Thursday, November 10, 2016 |
Classical music might not be enough to calm the unsettled atmosphere surrounding this week’s elections – but it can help.
CapRadio' Classical Host Kevin Doherty joins Insight for this week’s Sound Advice with some new releases, like a live performance of Mozart's 25th Piano Concerto and new music from Joshua Bell.
Wolfgang Amadeus Mozart. Piano Concerto No. 25: I. Allegro Maestoso - Mitsuko Uchida and the Cleveland Orchestra
I always like to start with Mozart. It’s a great way to cleanse the palate. It’s clean, it’s elegant and it’s virtuosic.
This is a live performance of Mozart’s 25th Piano Concerto. Mitsuko Uchida performs with and conducts the Cleveland Orchestra. What I love about this piece, and you’ll hear it in the excerpt, is that the piano doesn’t just serve as the soloist but is also part of the orchestra. You can hear how Mozart moves the piano in and out of the ensemble. At one point it has the theme and then passes it off to the woodwinds and does so in a very seamless manner.
The crazy thing about this performance and any recording with piano, Cale Wiggins and I were just talking about this the other day, is that it’s really complicated to record piano and orchestra. The piano is an orchestra in and of itself and putting the two together can be tough. Oftentimes they take bits and pieces of several recordings and patch them together, but this is live and done in one shot. That is a testament to Uchida’s playing.
Johannes Brahms. Double Concerto in A Minor for Violin Cello and Orchestra: I. Allegro - Joshua Bell, violin; Steven Isserlis, cello; The Academy of St. Martin in the Fields
Brahms actually wrote this piece to try to make amends with an old buddy, the greatest violinist of his time, Joseph Joachim. Joachim was not a very confident guy and was convinced that his wife was having an affair with Brahms’ Publisher. Brahms did not believe it so he came to the defense of Joachim’s wife, Amelie. This caused a major rift in their friendship. This concerto acts as kind of an olive branch toward the rekindling of their friendship as Brahms called on Joachim to play the violin solo. You can hear the back and forth in the violin and cello. It sounds to me like Brahms and Joachim are trying to work it out.
This is the first meeting of the two instruments (after a big, minute long cello solo that almost sounds like a plea from Brahms to Joachim) in the concerto. In my mind Brahms is the cello and Joachim is the violin. It starts out so tentatively and then gets more animated and then even kind of angry until we arrive back at the main theme.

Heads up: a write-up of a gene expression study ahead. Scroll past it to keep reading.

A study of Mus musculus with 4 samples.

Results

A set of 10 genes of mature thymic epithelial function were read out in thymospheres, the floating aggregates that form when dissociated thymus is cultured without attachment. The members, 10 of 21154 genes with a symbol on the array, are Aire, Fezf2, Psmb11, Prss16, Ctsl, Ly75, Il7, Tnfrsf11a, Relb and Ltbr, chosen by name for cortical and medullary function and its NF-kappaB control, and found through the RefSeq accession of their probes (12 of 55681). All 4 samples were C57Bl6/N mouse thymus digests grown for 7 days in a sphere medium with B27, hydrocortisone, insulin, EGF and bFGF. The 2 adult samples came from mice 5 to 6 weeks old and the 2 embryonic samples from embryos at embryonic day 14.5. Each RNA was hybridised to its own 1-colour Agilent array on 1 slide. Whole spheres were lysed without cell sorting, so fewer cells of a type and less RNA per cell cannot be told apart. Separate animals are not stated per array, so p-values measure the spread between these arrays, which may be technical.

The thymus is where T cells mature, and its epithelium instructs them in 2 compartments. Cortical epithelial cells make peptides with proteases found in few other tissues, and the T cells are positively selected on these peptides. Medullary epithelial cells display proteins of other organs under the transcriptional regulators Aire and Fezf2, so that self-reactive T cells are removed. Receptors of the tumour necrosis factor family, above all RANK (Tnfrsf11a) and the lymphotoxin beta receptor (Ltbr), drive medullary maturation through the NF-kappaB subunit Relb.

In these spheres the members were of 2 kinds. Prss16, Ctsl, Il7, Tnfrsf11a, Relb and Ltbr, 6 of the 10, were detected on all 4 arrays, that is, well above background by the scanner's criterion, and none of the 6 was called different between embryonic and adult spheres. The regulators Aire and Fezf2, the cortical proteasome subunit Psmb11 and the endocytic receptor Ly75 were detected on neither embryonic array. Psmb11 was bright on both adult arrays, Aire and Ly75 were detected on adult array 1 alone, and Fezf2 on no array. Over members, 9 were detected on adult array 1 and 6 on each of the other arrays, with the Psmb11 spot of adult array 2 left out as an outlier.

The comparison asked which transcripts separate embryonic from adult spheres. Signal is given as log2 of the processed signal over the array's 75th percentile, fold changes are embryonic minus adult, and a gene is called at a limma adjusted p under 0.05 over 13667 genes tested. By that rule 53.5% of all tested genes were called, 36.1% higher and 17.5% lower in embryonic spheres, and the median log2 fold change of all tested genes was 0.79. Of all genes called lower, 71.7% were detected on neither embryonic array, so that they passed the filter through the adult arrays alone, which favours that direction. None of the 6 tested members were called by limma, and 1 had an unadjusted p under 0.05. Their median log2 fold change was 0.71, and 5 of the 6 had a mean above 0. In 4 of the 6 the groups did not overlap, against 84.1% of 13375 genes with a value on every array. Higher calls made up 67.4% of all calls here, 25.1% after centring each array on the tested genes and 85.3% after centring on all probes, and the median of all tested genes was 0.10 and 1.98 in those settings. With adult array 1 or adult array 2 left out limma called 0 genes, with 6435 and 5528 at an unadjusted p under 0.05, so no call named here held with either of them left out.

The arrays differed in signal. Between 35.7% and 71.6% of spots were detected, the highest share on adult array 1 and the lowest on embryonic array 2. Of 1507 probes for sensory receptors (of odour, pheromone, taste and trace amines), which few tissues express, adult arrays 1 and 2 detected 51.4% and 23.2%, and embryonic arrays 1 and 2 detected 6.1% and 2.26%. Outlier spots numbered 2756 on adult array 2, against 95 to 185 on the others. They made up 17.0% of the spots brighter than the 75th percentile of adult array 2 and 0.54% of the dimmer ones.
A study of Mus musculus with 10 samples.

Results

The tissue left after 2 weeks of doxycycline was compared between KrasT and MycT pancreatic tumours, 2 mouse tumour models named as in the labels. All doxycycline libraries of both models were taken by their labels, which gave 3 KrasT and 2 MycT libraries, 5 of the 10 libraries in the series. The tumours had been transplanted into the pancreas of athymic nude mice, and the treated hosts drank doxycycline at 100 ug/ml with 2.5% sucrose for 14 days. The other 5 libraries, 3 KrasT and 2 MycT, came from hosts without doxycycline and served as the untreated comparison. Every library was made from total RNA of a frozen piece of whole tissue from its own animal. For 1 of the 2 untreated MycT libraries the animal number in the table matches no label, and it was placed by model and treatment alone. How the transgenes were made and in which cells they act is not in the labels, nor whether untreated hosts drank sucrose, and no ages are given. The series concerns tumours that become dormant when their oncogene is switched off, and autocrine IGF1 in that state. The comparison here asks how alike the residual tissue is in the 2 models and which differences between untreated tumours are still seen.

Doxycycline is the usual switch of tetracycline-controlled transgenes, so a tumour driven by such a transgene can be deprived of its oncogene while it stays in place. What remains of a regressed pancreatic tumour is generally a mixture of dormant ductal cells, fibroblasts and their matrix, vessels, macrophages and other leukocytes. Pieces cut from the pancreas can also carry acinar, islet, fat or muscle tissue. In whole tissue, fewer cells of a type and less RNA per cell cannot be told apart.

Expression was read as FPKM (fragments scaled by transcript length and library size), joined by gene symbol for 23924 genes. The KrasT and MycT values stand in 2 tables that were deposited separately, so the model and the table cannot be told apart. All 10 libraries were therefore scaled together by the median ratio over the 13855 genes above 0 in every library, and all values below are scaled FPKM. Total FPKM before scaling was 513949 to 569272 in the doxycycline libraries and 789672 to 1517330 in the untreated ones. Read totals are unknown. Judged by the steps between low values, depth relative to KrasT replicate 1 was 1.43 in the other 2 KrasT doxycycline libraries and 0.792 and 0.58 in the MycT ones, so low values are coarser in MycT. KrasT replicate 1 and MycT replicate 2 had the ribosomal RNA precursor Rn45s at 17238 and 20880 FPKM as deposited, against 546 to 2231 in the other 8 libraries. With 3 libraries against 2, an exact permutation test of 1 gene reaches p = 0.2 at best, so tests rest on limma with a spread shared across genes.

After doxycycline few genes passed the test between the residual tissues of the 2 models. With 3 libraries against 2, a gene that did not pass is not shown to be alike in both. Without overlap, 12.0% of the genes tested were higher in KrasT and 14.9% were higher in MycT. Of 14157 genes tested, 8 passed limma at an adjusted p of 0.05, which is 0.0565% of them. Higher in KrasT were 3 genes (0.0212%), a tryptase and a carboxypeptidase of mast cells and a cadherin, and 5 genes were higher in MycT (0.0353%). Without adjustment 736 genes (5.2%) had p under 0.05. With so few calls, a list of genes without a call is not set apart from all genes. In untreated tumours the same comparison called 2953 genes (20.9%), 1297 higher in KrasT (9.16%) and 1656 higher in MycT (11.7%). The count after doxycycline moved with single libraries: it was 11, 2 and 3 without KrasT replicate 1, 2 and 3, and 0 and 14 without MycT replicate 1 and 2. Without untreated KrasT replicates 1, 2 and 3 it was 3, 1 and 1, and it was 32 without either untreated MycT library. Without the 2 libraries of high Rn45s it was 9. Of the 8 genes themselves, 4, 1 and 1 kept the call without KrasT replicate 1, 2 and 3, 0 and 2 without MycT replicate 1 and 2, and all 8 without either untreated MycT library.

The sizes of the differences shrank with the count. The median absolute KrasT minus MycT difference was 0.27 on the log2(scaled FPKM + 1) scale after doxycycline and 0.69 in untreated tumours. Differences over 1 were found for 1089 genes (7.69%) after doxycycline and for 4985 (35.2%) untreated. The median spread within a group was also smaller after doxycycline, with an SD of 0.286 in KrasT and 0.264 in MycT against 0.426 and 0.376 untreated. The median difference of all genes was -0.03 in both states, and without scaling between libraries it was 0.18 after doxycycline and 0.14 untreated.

This a masterclass in teamwork by violinist Joshua Bell and cellist Steven Isserlis, who are also great friends and collaborators.
Claude Debussy. Images for Orchestra. Par les rues et par les chemins (Along the highways and byways) - Michael Tilson Thomas and the San Francisco Symphony
I picked this because it’s a recent “add” to our programming, but also because of the proximity to home. Of course, the San Francisco Symphony is world class and Michael Tilson Thomas is one the best and most sought after conductors in the world today.
Claude Debussy was an impressionist and you can hear that nebulous quality in his music. It's safe to say that Debussy's music often sounds like a Claude Monet painting would look. In his triptych, Iberia, he paints a musical picture of Spanish life. The thing is, he barely spent a full day in Spain in his lifetime. He had the ability to capture the essence of Spain through other means. A contemporary of Debussy’s, Spanish composer Manuel de Falla said “Debussy knew Spain from his readings, from pictures, from songs, from dances with songs danced by true Spanish dancers.”
Samuel Coleridge-Taylor. Deep River. - Lara Downes
I feel like we’ve been talking about this album for weeks but it’s really only now entering people’s awareness. I can’t seem to stop thinking about the impetus behind Lara Downes' new recording America Again. It’s all about the "American Dream." What does America mean to each of us? We are going through this existential crisis on all sides of the spectrum these days and I think Downes finds that in this album as she explores what this country means to her.
The piece that stands out the most for me is the spiritual Deep River. This is a song of hope and longing. Downes says it’s the first song that came to mind for her when creating this album. My reaction is "how could it not be?" It’s the quintessential “I am looking for a better world, a better way” kind of piece.